Question: In the scene where the Surprise is becalmed, at the very start as the camera zooms out it shows that the ship is flying a line of signal flags. What is the message that they are trying to send? I tried looking it up, but I didn't have any luck.
Question: What happens in the end, is the French captain dead? And why does Jack Aubrey decide not to sail to the Galapagos but follow Acheron?
Question: At the end of the movie, Jack receives a message. Who sent the message to Jack's ship and what did it say?
Question: Does anyone know the calls of a bosun's whistle? Does it mean "get on it" or are there certain tunes for certain calls, etc.
Question: Does anyone know how to build these type of ships, using traditional techniques? And any recommended books to read (i.e. rigging, boat building, etc.)?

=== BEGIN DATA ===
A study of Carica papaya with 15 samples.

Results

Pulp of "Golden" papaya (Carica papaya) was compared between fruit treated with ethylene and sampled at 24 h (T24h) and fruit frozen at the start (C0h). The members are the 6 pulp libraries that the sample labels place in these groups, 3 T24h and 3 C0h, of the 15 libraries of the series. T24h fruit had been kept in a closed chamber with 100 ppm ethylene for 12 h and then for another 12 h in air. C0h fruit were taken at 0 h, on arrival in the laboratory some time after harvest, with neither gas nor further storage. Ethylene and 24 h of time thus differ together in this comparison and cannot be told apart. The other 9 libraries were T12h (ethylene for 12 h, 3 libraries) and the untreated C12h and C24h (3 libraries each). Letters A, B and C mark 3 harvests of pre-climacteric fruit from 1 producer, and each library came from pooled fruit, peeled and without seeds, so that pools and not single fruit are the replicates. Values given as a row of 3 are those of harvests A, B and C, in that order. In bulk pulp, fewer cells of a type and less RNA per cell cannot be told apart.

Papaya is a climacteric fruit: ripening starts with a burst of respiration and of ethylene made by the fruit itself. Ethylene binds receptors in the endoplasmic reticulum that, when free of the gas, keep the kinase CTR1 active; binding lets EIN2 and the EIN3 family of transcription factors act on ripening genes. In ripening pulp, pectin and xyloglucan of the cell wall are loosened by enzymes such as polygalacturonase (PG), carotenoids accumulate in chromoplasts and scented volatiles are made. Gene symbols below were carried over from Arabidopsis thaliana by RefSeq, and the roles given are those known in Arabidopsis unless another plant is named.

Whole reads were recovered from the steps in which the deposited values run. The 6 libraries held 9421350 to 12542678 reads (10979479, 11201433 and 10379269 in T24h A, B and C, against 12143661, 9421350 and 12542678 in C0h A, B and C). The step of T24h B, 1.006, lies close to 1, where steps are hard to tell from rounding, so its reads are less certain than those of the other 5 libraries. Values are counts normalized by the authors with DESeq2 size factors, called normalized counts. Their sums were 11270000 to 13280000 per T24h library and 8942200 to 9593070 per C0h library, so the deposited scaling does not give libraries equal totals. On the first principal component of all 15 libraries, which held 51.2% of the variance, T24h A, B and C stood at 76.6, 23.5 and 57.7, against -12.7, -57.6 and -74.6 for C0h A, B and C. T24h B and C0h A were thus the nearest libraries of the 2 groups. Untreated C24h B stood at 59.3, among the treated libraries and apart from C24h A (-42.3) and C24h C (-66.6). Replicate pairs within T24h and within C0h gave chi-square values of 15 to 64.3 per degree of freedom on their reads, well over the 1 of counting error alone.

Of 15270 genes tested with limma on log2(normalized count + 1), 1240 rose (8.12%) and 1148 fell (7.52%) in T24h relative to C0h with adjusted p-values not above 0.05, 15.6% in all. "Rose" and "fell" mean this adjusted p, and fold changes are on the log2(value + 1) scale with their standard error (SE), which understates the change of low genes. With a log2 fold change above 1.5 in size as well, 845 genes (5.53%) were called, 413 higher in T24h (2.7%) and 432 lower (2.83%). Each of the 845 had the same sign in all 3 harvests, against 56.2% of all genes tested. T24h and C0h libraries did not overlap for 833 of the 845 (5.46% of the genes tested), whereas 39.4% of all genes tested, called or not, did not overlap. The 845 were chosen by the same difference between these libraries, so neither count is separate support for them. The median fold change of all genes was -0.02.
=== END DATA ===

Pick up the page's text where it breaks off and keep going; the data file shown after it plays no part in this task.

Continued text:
Trivia: When Captain Aubrey makes the toast 'To wives and sweethearts - may they never meet' he is following a custom in the Royal Navy called the toast of the day. There was a special toast for every day of the week. This one in particular was usually for Saturdays. There is a minor mistake, however: tradition dictated that the proposer (in this case, the captain) would say the first part 'to wives and sweethearts', to which the most junior officer present would reply 'may they never meet'. Here is the list that seems to be most commonly followed dates from before Trafalgar, courtesy of the Canadian Navy website: Monday - our ships at sea, Tuesday - our men, Wednesday - ourselves, because no one else is likely to both, Thursday - a bloody war or a sickly season (to ensure quicker promotion), Friday - a willing foe and sea room (The two preceding seem to be of historical interest only), Saturday - wives and sweethearts - may they never meet (reply is made by the youngest officer present) Sunday - absent friends.